Miraculous cures attributed to Mother Teresa of Calcutta | Inquirer Lifestyle

Miraculous cures attributed to Mother Teresa of Calcutta



Mother Teresa of Calcutta will be canonized today, Sept. 4, at St. Peter’s Square.


Radio Veritas will broadcast live the ceremonies to be led by Pope Francis starting at 4 p.m.  Canonization can also be viewed via live streaming at www.veritas846.ph.


Agnes Gonxha, her baptismal  name, was born in Albania in 1910 and  joined the Sisters of Loreto and did missionary work in Calcutta, India.

She claimed to have a vision of Jesus Christ in 1946 in which he supposedly asked her to care for the destitute and the dying. She later founded the Missionaries of Charity to realize that vision. In 1979 she won the Nobel Peace Prize.


She died in 1997 and the five-year grace period for the canonization process to start was waived.


In 2003, the miraculous cure of a young Indian Hindu woman suffering from a stomach tumor who placed the picture of Mother Teresa on her stomach and prayed to the nun, prompted her beatification.


A miracle last year was approved by the Vatican to enable the canonization of Blessed Mother Teresa today. It involved the healing of a mechanical engineer, in his 40s, in Santos, Brazil.


Doctors diagnosed the man with a viral brain infection resulting in multiple brain abscess. Treatments were ineffective and the man went into a coma.


The man’s wife spent months praying to Blessed Teresa and her prayers were joined by relatives and friends when her dying husband was taken to the operating room on Dec. 9, 2008.


When the surgeon entered the operating room, he reported that he found the patient awake, free of pain and asking, “What am I doing here?” Doctors reported that the man showed no more symptoms and a Vatican medical commission voted unanimously that the healing had no natural explanation.


In the Philippines


By the time of her death, there were 4,000 Missionaries of Charity sisters in more than 100 countries. Filipino nuns of the congregation numbered about 160, as of 2010.


Mother Teresa  visited the Philippines in 1976, 1977, 1978, 1984, 1989 and 1995.


In 1977, she put up her congregation’s first center in the country, the Alay ng Puso (Home for the Sick and Malnourished), in Binondo, Manila. She came back a year later to inaugurate the Immaculate Heart of Mary (Home for the Sick and Dying Destitutes) in Tondo, Manila.


A bust of Mother Teresa has been installed at the Ecclesiastical Faculties (or Central Seminary) grounds of the University of Santo Tomas, which she had visited. Inscribed is her remark, “Your strength lies in small things,” which captures the spirit of her humanitarian work.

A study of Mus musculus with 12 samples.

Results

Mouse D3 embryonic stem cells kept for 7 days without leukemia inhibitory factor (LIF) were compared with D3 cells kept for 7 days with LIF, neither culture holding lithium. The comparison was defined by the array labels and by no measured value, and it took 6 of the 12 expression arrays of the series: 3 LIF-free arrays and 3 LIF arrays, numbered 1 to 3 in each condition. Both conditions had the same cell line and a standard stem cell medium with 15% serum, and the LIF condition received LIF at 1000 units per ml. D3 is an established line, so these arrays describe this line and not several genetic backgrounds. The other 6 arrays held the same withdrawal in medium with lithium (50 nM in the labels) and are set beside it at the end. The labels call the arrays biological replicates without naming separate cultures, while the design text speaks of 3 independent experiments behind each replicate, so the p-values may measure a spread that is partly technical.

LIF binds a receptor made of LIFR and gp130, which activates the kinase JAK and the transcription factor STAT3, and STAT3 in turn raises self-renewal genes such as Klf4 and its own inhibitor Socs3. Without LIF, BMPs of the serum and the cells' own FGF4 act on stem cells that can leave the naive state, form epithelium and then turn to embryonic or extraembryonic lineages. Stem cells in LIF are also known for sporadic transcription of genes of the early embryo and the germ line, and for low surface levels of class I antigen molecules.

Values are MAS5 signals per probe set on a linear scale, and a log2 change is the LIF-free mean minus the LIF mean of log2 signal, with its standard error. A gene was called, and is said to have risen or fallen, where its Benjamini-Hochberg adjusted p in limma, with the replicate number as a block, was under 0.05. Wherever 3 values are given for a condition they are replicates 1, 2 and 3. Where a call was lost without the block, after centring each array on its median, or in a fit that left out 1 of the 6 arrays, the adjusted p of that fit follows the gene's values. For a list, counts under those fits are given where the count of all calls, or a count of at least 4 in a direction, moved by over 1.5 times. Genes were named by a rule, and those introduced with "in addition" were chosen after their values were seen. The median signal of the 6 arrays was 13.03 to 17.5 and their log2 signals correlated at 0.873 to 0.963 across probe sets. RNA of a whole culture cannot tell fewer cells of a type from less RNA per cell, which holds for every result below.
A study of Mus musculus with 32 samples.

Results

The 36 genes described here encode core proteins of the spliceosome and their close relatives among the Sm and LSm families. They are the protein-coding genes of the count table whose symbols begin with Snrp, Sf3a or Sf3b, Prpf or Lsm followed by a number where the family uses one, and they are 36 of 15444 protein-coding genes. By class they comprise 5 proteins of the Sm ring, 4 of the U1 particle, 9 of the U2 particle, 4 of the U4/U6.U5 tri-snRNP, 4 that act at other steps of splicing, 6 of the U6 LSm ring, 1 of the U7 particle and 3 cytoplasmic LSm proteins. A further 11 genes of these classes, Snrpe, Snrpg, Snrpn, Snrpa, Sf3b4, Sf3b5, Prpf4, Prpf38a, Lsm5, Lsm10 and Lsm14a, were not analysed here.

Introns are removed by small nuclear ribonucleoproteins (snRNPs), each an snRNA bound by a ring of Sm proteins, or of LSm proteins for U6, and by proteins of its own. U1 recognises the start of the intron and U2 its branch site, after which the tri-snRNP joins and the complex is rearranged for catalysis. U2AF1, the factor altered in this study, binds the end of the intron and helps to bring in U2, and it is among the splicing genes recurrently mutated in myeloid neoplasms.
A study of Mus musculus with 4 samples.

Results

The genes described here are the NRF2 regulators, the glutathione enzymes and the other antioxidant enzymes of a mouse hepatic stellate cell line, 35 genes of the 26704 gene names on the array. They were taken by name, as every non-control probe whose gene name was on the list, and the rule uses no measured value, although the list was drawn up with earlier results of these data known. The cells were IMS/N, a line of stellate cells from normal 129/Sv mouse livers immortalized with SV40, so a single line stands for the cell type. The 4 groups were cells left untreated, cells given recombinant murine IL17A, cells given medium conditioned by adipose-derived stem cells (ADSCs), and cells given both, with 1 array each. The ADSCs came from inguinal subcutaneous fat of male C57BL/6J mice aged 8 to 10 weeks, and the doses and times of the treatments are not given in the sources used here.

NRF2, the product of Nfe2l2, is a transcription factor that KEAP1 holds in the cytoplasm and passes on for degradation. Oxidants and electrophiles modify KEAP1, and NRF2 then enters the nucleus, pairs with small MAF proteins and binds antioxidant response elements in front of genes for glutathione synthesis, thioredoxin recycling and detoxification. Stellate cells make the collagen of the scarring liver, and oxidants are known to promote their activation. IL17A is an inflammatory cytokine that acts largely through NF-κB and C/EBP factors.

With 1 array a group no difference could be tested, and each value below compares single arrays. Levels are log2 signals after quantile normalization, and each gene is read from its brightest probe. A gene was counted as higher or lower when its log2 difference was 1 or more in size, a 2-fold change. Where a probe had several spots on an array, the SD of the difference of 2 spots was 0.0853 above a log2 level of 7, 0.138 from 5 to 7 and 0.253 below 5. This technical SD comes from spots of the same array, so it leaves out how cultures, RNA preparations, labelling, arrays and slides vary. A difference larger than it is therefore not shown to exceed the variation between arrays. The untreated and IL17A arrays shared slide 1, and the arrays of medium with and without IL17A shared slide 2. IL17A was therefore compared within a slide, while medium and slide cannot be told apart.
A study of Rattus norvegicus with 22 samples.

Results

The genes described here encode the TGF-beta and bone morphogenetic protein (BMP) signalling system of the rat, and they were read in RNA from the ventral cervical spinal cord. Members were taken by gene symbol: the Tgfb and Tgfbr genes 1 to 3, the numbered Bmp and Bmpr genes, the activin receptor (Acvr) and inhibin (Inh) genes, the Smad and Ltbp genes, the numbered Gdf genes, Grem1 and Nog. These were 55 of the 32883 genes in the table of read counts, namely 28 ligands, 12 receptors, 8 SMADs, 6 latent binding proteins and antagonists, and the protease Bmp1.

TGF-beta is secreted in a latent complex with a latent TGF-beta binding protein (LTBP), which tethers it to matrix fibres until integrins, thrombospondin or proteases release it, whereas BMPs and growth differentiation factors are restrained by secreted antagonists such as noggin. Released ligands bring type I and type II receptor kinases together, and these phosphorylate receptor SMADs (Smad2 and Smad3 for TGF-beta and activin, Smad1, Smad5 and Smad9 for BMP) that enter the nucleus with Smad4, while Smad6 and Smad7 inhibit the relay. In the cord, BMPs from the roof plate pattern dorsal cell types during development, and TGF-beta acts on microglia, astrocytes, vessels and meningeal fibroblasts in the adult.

Peñafrancia in  Manila


The Peñafrancia Devotees Association is inviting all devotees of Our Lady of Peñafrancia to celebrate her solemnity  in Manila. There will be Triduum Masses Sept. 8 to 10 at Our Lady of Remedies Parish, Malate, every 6 p.m.


On Sept. 11, her solemn feast, there will be a Mass at  noon to be sponsored by the Samahang Nabueños ng Metro Manila.


After the farewell prayers and closing ceremonies, there will be a procession from Malate Church to Agrifina Circle, Luneta Park at 2 p.m.


There will be a short vigil at 4 p.m., then “Ina” will be brought to the Manila Cathedral for the 6 p.m. High Mass; chief celebrant will be  Nueva Caceres Archbishop Rolando Tria Tirona, OCD.


Marian concert at UA&P


The John Van de Steen Male Choir, Taytay Youth Philharmonic Orchestra, Amber Jive! will perform at “Music for Our Lady: A Birthday Concert” on Sept. 8 at 6 p.m., at Celestino Dizon Auditorium of University of Asia and the Pacific (UA&P).


This event forms part of the countdown projects for the golden jubilee celebration of UA&P next year on Aug. 15, Feast of the Assumption.


Admission is free.


New theology book


Award-winning Catholic author José Mario Bautista Maximiano’s “The Beginning and the End: A Theology of the Human Person,” will be launched on Sept. 7 in the afternoon at Greenbelt Chapel, and on Sept. 17 at the annual Manila International Book Fair at SM Mall of Asia.


Msgr. Eugenio  Reyes, rector of  Metropolitan Cathedral of San Fernando, Pampanga, said the book is timely: “With the present and even worsening and varying ‘world-views’ on man, a book in defense of man’s noble and high beginnings and destiny is a welcome development.”


“The book successfully underscored man’s divinely granted role of making sure that human life, the environment and nature, as part of the created world, are treated, utilized, sustained, explored and developed after the mind and plans of their Origin and Source,” added Monsignor Reyes.


Book is published by Claretian Communications Foundation Inc (tel. 9213984, 9216205).

Santo Domingo novenas


To mark the 800th anniversary celebration of the Order of Preachers, Santo Domingo Church in Quezon City is holding every Wednesday, 5:30 p.m., the perpetual novena to Saint Dominic de Guzman, founder of the Dominican Order.


Santo Domingo Church is also holding the perpetual novena to the Santissimo Rosario de La Naval de Manila every Saturday, 5:30 p.m. Mass follows at 6 p.m.